Nerine Group of Fiduciaries, with offices in the BVI, Geneva, Guernsey, Hong Kong and India, has welcomed the changes to the 1934 Hong Kong Trust Law and believes it will herald an increase in estate planning activity in the region.
The Trust Law (Amendment) Bill 2013 , which will come into force on 1 December this year, implements a number of significant amendments including the creation of a statutory duty of care, similar to that in the UK, and establishing a beneficiary’s rights to remove trustees without resorting to the courts.
The amendment bill also abolishes the rules against perpetuities and against excessive accumulations. The result is that new non-charitable trusts – such as private trusts for wealth and estate planning – are no longer limited in duration. Perpetual trusts may now be set up with beneficiaries hundreds of years into the future. The removal of the duration limit puts Hong Kong ahead of its major rival, Singapore, which has imposed a cap of 125 years.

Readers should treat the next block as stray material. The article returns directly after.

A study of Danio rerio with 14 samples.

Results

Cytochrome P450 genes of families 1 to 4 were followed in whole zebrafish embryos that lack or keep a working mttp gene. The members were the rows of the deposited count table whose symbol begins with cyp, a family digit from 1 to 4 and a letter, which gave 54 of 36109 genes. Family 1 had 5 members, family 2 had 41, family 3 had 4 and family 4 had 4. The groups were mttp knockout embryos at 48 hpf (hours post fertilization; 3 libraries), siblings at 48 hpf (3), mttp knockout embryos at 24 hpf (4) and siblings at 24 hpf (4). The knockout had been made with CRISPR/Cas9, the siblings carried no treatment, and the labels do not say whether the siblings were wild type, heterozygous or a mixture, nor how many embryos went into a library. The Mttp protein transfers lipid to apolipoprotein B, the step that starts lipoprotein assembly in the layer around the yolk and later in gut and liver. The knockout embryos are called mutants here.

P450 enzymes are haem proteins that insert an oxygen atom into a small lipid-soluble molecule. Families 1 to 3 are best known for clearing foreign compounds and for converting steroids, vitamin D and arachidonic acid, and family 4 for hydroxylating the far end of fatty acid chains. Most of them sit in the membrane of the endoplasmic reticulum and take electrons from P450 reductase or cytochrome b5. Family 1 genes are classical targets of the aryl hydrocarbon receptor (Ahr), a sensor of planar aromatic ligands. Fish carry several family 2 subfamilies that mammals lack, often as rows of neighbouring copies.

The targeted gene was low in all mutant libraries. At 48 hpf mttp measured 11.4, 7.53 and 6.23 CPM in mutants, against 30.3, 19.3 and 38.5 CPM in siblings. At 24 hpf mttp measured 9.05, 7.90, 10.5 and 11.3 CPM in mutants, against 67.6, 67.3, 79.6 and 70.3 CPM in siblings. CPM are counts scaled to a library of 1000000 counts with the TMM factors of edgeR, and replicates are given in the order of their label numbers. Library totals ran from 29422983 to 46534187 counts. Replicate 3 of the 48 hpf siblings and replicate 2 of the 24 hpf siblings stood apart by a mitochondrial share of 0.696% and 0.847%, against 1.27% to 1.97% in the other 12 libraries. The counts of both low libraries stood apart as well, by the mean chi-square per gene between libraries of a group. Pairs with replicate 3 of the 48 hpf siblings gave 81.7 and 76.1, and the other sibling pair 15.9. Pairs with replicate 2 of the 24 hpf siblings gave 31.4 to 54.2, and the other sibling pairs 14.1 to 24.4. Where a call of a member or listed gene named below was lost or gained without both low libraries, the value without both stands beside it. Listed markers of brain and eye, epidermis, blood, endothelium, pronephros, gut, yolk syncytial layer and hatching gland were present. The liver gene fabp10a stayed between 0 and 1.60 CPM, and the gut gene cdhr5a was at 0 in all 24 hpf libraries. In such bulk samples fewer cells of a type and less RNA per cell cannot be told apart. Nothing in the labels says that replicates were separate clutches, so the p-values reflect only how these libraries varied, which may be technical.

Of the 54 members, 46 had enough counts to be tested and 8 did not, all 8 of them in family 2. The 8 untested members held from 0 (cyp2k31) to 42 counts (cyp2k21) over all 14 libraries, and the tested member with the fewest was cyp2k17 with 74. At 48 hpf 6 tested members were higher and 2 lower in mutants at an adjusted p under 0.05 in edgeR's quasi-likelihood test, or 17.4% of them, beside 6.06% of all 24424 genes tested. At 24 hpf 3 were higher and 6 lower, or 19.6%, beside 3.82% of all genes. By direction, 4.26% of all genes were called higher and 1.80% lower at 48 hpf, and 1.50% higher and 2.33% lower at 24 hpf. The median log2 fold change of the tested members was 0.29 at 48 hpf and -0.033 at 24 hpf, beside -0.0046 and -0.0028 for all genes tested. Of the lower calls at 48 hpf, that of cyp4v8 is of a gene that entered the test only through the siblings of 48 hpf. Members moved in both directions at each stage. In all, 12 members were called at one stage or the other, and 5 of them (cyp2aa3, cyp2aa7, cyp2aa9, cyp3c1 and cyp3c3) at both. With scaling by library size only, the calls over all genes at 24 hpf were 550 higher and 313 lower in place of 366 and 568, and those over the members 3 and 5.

Other significant aspects of the amendment bill are:
• New statutory trustees’ powers to insure and to appoint agents nominees and custodians, along with corresponding new duties and liabilities for trustees
• statutory control of trustees exemption clauses
• statutory provisions concerning the validity of reserving investment powers to settlors
• anti-forced heirship provisions
Nerine Hong Kong senior trust manager, Katja Meyer-Paysan, said the changes, although conservative in nature, would allow the industry to market new business opportunities in retail funds and private trusts arising from growing wealth.
“The new law brings Hong Kong trust structuring into the 21st century and provides a viable alternative to other international finance centres. This is progress and makes Hong Kong a more realistic and attractive choice for clients.”